Pension and divorce: what happens and what should you consider?
Sobering figures from the Office for National Statistics reveal 42% of marriages in England and Wales end in divorce, and 34% of these are expected to end by the 20th wedding anniversary.
With data also revealing a rise in the number of ‘silver separators’ it’s likely many assets have been shared for years and planned together, so it can be difficult to untangle them during divorce proceedings.
A marriage can be dissolved following a petition for divorce and the granting of a decree absolute, or it can be annulled following a petition for nullity and the awarding of a decree of nullity.
If you’re facing divorce proceedings, here’s what you need to know, and below we explain some steps you can take to protect your assets before you say ‘I do’.
What are the rules when it comes to dividing assets?
Mike Morrison, head of platform technical at AJ Bell, says many divorce cases are settled out of court with the couple deciding to share and divide the house, children and money, usually in a 50/50 split.
It’s only usually when an amount is disputed that the case goes to court and here the judge will look at and take account of whether each party can maintain their current lifestyle, that they can carry on and live their life with the same ability as when they were married.
Morrison says: “Generally the court will work out the day-to-day needs of the individual and will aim to ensure that the husband or wife can meet any shortfalls.”
The law aims to divide assets during divorce and pensions are just one package that come under your assets.
While some assets are easier to divide than others, pensions are a bit more difficult, depending on whether you have a Defined Benefit (DB) or Defined Contribution (DC) scheme and whether you’ve started drawing on your pot already when it comes to filing for divorce.
Karen Barrett, chief executive of Unbiased.co.uk, says pensions are often the most problematic area. “Women tend to have lower pensions than their husbands, due to average lower earnings and also to the fact that women may take career breaks or return to work part-time after having children. Achieving a fair settlement here is therefore tricky.”
She says you should ask your IFA to perform a full pension valuation and urges individuals not to accept the scheme’s own estimate.
“Remember some schemes have additional valuable benefits, such as guaranteed annuity rates, which go above and beyond the actual money in the pot. Matters can be even more complicated with a DB pension, as the valuation depends on numerous factors, and you may need to decide whether or not to convert the pension into a lump sum.”
Before the introduction of Pension Freedoms in April 2015 – it allows those aged 55+ unfettered access to their pension pots with the first 25% being tax-free – retirees had to buy an annuity in order to pay off an ex-spouse.
But as DB schemes were a stream of income rather than a chunk of money that can be divided between the partners, it was much harder to divide.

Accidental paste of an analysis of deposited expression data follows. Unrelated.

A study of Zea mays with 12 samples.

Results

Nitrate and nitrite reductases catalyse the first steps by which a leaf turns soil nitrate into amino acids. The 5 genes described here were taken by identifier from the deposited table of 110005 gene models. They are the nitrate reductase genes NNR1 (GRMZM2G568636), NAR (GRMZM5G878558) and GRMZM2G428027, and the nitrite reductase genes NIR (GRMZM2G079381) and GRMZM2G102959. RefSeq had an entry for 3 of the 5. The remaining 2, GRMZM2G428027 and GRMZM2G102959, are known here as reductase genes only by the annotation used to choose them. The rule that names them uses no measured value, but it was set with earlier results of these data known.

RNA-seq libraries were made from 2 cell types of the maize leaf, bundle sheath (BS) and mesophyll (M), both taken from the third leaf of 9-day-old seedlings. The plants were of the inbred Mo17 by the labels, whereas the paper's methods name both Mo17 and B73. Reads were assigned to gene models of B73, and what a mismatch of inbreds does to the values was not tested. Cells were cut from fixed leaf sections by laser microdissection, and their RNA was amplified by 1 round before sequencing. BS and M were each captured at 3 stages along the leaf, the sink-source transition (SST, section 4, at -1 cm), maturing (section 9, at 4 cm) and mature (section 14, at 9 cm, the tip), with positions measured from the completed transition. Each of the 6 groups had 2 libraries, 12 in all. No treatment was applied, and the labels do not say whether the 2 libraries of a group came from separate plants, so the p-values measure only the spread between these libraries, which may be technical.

Following on from Pension Freedoms, Morrison says it’s now easier for money to be divided from a DC scheme as you can take cash out in the most tax-efficient way (only the first 25% is tax-free) if the court orders you to, and from the age of 55.
And there’s no longer a need to buy an annuity.
It’s natural that many don’t want to share their pension and Morrison says ‘Pension Offsetting’ is becoming more common nowadays.
According to the Pensions Advisory Service (PAS) if you opt for ‘Pension Offsetting’, each person retains their pension assets, but these are then offset against your other assets. As an example, if one party has a large pension pot, the other may receive the house if they are of similar value.
If you’re under 55 and you’re going through a divorce, then you may consider ‘Pension Sharing’. The court will issue a ‘Pension Sharing Order’ which sets out how much of your pension schemes your ex-spouse is entitled to receive.
PAS says the amount is expressed as a percentage of the transfer value to be split and Morrison adds this is based on a projected forecast. If you or your partner can’t access it (for instance you’re under 55) then it is not taxed until the benefit comes into payment.
If you’re heading down the aisle soon and you have significant assets, such as an inheritance or millions of pounds in company assets for instance, Morrison says you can enter into an arrangement that states the assets you bring to the marriage are not considered marital assets, should the worst happen.
Anything else to consider?
Barrett adds: “A person facing a divorce would think first of calling their solicitor. However, their very next call should be to a financial adviser. Ideally look for one with a qualification in divorce proceedings, as this is a specialist area. Just as an adviser is the best person to help you assemble a financial plan, so they can also help you separate your merged finances with minimal disruption and cost.”